Keeping Tabs on Washington's Team

Pro Bowl or Not, Fletcher is the Redskins Bread and Butter

Team's poor performance likely cost him a Pro Bowl spot

By Jack Anderson
|  Sunday, Jan 1, 2012  |  Updated 10:20 AM EDT



In fairness, no one has ever given Fletcher his due as one of the last remaining old-school defensive players. He’s a product of a different era – one that’s long gone. Yet year after year his old-school mentality has worked. He’s played in 223 straight games and usually sits atop the league in tackles.

The art of tackling – lost upon many younger players – is one of many things that set Fletcher apart. With concerns surrounding concussions at an all-time high, many younger players should take note of his textbook form: head up, tackling low and wrapping up to finish the job.

With the NFL on a mission to decrease head injuries and make examples of reckless defensive play, a nomination for Fletcher would have been the perfect choice. Instead, the NFC squad will consist of Patrick Willis and Brian Urlacher.

Of course form tackling doesn’t merit a Pro Bowl. No matter though because Fletcher’s stats against both the run and pass are among the best in the NFC. If any Redskins were to have garnered Pro Bowl honors, then Fletcher would have been the choice.

"Deep down inside, the players and coaches know what London brings to the table, they know what type of player he is, they know he's a Pro Bowl player and he deserves to be there," Brian Orakpo told the Associated Press.

Opposing receivers caught 63.3 percent of the passes thrown their way against Fletcher. There wasn’t a single NFC inside linebacker who posted a lower percentage caught than that. According to Pro Football Focus Fletcher was responsible for 58 stops (the cumulative number of solo defensive tackles made on plays which constitute an offensive failure), good for second most amongst NFC inside linebackers.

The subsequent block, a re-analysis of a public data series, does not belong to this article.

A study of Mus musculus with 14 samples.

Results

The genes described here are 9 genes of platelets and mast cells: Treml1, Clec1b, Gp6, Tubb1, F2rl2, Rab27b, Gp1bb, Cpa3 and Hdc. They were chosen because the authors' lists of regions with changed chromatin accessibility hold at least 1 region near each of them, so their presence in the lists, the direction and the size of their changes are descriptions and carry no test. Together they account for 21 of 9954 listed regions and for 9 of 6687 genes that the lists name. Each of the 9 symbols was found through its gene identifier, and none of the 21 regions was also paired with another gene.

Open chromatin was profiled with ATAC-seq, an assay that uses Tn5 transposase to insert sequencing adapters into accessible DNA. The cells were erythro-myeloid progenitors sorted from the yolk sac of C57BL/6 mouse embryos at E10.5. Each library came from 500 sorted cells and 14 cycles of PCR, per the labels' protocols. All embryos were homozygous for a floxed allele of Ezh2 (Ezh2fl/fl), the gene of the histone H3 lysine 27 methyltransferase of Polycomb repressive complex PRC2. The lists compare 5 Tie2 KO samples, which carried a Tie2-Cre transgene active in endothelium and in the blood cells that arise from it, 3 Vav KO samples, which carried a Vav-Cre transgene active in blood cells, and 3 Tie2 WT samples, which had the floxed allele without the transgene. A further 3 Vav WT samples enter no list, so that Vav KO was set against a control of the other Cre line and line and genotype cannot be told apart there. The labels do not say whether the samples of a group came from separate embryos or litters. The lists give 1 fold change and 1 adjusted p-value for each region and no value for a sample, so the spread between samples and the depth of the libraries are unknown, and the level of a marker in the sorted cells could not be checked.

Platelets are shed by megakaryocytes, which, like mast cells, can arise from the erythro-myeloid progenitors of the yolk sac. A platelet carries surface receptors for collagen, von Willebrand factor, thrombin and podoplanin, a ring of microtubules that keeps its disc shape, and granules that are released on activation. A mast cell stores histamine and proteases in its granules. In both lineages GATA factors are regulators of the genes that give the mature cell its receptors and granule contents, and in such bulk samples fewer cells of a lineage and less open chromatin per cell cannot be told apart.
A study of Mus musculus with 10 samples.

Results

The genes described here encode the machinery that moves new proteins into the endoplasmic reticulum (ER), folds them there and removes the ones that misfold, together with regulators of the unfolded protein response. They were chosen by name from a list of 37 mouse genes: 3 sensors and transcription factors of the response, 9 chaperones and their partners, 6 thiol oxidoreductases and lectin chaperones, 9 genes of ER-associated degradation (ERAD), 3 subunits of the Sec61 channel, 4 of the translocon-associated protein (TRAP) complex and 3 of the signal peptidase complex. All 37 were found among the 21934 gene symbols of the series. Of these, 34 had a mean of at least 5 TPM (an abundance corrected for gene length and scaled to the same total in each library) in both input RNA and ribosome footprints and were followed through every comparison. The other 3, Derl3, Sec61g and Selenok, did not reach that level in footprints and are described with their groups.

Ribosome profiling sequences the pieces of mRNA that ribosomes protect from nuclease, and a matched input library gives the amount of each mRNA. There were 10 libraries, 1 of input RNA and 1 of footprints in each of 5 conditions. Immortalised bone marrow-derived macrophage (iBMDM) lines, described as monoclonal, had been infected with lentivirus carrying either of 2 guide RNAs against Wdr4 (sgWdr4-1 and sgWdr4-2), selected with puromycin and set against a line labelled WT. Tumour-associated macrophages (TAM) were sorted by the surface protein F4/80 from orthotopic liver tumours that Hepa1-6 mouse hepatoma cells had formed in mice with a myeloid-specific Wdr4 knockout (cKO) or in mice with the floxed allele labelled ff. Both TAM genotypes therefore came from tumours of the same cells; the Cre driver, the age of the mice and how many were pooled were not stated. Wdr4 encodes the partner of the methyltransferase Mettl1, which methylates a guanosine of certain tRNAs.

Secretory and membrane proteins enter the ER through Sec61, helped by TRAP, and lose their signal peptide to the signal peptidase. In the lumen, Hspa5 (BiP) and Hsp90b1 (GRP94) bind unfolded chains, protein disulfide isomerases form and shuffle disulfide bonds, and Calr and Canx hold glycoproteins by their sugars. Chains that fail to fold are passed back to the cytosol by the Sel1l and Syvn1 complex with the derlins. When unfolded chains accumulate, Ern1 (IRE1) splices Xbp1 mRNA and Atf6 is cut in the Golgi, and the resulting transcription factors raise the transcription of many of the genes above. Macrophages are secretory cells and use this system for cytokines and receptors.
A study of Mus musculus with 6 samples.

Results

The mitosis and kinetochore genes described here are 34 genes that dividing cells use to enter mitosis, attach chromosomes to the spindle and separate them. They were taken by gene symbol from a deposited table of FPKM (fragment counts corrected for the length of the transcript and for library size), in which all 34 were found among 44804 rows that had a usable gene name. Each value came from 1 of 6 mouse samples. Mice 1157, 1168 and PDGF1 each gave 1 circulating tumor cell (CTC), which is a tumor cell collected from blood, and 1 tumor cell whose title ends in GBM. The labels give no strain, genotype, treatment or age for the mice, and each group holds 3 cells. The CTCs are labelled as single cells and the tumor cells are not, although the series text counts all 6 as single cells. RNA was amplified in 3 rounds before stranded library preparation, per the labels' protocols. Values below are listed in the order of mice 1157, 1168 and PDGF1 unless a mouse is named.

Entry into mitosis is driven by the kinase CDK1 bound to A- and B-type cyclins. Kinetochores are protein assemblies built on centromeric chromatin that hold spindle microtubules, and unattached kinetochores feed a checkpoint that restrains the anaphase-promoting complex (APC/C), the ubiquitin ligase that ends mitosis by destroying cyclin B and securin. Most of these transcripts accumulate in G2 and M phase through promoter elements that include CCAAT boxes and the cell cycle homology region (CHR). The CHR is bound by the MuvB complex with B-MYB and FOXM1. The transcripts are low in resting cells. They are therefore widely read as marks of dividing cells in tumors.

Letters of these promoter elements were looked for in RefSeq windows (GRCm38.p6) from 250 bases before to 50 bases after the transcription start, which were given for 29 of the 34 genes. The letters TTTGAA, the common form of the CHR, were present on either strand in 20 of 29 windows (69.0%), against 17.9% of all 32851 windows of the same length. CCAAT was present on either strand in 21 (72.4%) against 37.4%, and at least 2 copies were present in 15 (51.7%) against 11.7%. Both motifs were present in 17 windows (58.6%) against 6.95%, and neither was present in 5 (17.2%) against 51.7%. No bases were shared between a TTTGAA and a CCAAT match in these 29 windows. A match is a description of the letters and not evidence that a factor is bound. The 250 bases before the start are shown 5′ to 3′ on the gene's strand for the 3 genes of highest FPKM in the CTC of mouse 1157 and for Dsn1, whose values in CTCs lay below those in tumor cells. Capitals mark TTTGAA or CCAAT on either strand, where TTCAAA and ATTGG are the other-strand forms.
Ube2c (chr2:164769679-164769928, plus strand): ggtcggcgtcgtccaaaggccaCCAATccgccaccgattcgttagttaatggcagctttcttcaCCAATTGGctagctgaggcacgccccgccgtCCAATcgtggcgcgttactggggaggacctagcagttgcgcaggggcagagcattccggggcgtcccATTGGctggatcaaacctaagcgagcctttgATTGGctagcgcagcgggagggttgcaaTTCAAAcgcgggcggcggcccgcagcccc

“You’ve just got to look at film and you know London played at a Pro Bowl level all year,” said Mike Shanahan. “He’s sure deserving of being a Pro Bowl player…But there’s no question in my mind that he should have been a first-teamer.”

The Redskins lack of success certainly played a factor in the voting process and if Fletcher sticks around long enough for the team to turn the corner, the hope is that he’ll finally receive his reward. For now though, he’ll wait and accept the honor of being a first alternate for the third straight year.

Fletcher didn’t allow himself much time to get upset over his omission, telling reporters he wouldn’t dwell on it. Rather, he decided to be grateful for the ability of playing at such a high level for such a long time.

And for those of us that get to watch him each and every Sunday, we should be grateful too, because Fletcher plays the game just the way it was meant to be.

“Really, London to me is truly a phenomenal football player,” said Jim Haslett. “He amazes me not just with his on the field production, but what he can do off the field, his leadership, his intelligence, studies the game and then he takes it to the field. To me it’s just unheard of.”